Posted by: passedportsnyc | June 25, 2010

World Cup Chronicles: Tibet to Xi’an

My favorite thing about South Africa 2010: Paraguay’s uniform looks remarkably like a Where’s Waldo costume.  I had forgotten that Where’s Waldo ever existed, but upon seeing Paraguay’s uniform, I remembered that Waldo’s escapades were one of the earliest influences of my travel obsession.  (My second favorite thing is that allegedly, North Korea will not let any of its own countrymen out of the country, so they hired 100 Chinese to go pretend to be North Koreans in the stands and cheer on the Pyongyang football delegation.  Seriously?!?)

My least favorite thing about South Africa 2010: hearing Shakira say “waca-waca” every five minutes.

Okay, okay, I admit that this is a fair-weather fandom, and that if I were back home in the US, I probably wouldn’t have any idea that the World Cup was even happening, much less be able to comment on the uniforms of a far-off land.  But there is something about being in a foreign country, surrounded by all nationalities, that can sweep even the biggest sports cynic into fandom.  So I totally understand why Max was none too happy when he realized we would be in Tibet for the start of the World Cup.  China isn’t exactly known for its football skill or fans, and in Tibet we’d be lucky to even find a TV within a couple hundred kilometers.  Dreams dashed of finding fellow Messi/Maradona compatriots to watch with, our first day in Lhasa we set about finding any place to watch any game at all. (It’s not exactly a city known for its nightlife…)

Argentina v. Nigeria:  Some people had recommended the bar at the Phuntsok Khasang Hostel but that turned out to be quite far from where we were staying, so we headed to the oh-so-originally-named Traveler Bar instead. We shared the comfy sofas, traditional Chinese lamps, and large projector screen with a dozen or so Chinese tourists.  Though they appreciated the novelty of watching the match with a real, live Argentinian, their loyalty to a high-scoring game was far greater than their loyalty to a fellow viewer from Argentina.  They cheered every time either team got the ball more than about 3 meters past midfield.  But, at least they livened up the small space, and they were appropriately congratulatory when Argentina came out with a victory.  We flirted with the idea of staying for the US v. England game, which began at 12:30am local time, but on only our second day at altitude, we were feeling less than energetic, and had to make our way to bed.

Argentina v. South Korea:  The only accommodation at Everest Base Camp, where we were the day of the game, is a few nomad tents.  Needless to say, they have no TV.  On account of the confluence of several adverse factors, the group decided to head down early (I still wonder whether Max was faking that altitude fatigue for the sake of finding a TV…).  We managed to make our way to the small village of Shegar before dark.  Electricity at the guesthouse normally worked only from 8 to 10 pm, but the staff was nice enough to keep the TV in the reception area on for the duration of the match.  We had no fellow viewers and the TV was so small and fuzzy that we could barely see the ball.  But it was a victory for Argentina, so Max was happy, even if he couldn’t see the goals.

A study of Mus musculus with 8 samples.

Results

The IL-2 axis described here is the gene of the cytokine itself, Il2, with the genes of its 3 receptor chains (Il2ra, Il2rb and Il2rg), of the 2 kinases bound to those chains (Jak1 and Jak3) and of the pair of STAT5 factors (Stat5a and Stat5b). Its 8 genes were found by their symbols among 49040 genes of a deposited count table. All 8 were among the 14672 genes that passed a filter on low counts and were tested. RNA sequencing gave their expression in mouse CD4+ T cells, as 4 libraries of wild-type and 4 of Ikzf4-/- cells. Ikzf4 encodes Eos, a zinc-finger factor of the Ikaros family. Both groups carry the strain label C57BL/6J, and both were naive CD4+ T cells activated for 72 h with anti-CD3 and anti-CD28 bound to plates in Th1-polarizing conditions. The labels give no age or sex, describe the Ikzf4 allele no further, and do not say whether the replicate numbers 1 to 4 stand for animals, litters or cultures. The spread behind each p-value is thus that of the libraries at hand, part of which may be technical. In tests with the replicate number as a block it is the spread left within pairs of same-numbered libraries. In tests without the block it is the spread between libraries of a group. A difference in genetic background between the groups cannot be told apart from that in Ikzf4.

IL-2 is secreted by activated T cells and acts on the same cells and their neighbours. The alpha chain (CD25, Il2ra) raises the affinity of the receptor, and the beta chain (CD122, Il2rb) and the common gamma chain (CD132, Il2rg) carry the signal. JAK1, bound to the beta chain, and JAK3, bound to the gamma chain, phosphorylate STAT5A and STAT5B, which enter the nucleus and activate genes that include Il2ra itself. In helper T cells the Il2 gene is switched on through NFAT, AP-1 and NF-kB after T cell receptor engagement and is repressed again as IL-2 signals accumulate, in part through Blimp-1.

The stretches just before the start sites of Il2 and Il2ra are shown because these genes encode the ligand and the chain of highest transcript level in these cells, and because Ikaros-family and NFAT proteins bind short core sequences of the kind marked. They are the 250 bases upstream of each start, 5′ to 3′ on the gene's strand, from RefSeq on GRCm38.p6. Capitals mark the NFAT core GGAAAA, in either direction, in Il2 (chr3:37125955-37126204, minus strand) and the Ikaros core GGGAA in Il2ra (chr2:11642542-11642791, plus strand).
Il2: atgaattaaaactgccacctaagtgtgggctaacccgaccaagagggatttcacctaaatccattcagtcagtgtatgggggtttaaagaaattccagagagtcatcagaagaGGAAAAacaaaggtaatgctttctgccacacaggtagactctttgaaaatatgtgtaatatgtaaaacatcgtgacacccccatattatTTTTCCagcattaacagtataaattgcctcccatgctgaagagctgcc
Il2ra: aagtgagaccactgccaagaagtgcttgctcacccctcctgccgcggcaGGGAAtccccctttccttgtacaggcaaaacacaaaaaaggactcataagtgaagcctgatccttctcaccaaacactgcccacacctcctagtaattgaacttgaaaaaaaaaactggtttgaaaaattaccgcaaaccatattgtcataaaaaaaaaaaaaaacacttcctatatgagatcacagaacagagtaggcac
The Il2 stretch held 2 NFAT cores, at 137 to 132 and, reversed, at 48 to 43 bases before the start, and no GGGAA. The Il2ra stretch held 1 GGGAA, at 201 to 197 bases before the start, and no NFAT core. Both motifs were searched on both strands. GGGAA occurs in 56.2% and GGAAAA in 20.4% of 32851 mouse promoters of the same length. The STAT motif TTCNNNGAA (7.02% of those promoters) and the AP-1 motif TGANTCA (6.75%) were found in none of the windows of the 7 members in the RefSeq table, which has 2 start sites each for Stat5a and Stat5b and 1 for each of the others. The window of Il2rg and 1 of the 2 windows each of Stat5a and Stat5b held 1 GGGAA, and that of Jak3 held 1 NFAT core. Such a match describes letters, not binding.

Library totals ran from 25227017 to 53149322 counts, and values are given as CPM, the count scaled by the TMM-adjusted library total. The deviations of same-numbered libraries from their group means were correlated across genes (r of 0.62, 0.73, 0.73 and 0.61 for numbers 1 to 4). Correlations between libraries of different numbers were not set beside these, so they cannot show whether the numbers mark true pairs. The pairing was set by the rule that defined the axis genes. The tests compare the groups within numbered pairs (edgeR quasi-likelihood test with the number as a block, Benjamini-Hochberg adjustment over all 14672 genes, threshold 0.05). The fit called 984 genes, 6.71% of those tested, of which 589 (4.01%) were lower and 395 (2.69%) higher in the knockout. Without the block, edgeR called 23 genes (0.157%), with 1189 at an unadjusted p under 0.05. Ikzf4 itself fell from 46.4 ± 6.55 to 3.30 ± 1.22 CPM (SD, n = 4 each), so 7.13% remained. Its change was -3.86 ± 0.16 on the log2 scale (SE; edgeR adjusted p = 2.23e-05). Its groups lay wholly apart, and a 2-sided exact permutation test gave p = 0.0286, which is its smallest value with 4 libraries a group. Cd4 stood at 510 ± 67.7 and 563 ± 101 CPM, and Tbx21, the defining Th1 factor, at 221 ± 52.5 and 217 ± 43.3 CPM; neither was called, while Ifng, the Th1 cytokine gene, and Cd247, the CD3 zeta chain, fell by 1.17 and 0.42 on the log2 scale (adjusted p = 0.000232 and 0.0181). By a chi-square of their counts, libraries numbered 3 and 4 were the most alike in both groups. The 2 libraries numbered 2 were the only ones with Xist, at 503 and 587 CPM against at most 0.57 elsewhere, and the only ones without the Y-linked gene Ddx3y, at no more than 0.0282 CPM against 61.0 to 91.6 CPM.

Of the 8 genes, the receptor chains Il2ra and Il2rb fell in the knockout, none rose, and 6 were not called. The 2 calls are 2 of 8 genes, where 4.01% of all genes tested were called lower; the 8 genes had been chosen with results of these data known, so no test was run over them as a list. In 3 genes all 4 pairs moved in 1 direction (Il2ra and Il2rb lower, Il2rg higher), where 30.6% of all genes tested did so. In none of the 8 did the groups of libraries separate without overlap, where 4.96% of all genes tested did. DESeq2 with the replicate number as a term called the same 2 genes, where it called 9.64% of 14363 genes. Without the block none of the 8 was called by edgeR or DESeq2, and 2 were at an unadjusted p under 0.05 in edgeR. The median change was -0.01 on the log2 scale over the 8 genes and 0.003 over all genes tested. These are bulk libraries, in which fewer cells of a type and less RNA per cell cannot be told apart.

USA v. Slovenia:  Sports bars are tough to come by in the Tibetan city of Shigatse, and the late local start time made watching from the TV in our hotel room the only palatable option.  The first 15 minutes of the game were painful to watch in their utter lack of skill and action, and reconfirmed why I avoided watching football for the last 30 years. I went to bed and got the score from Max in the morning, who claims the second half of the game was pretty good.

Argentina v. Greece:  We arrived in Xi’an (in central China) at 10pm  after a 35 hour train ride from Tibet.  The game began at 2:30am local time.  The local bars closed and, despite my best efforts, I fell asleep watching from the bed in the hotel room.  It’s just not that fun to watch football in a solitary environment in the middle of the night.  Max managed to stay up until 5am to see his team to victory.

US v. Algeria: At 10pm local time, all the bars were playing the England/Slovenia game instead of the simultaneous US/Algeria game – understandable given the massive number of British travelers and the virtual absence of Americans outside of our national borders.  So we joined approximately 98 Brits and 2 Slovenian fans to watch their match.  For the duration, raucous Brits draped themselves in their flag and wildly waved the Algerian flag in an expression of all things anti-America.  They were louder than the vuvuzelas.  Finally, 86 minutes in, the half-dozen or so Americans present convinced the bar people to turn one small tv in the far corner of the bar to our game.  At the end of 90 minutes the drunken, Algerian-flag-toting Brits did a victory lap – passing our screen just in time to catch the America goal – the one the put the US (not England!) – in first place in our group.  The Brits made it through, the Americans made it through, but there were still upsets all around.  The whole place was in an uproar.  A good time was had by almost all.  Finally, we found some World Cup spirit.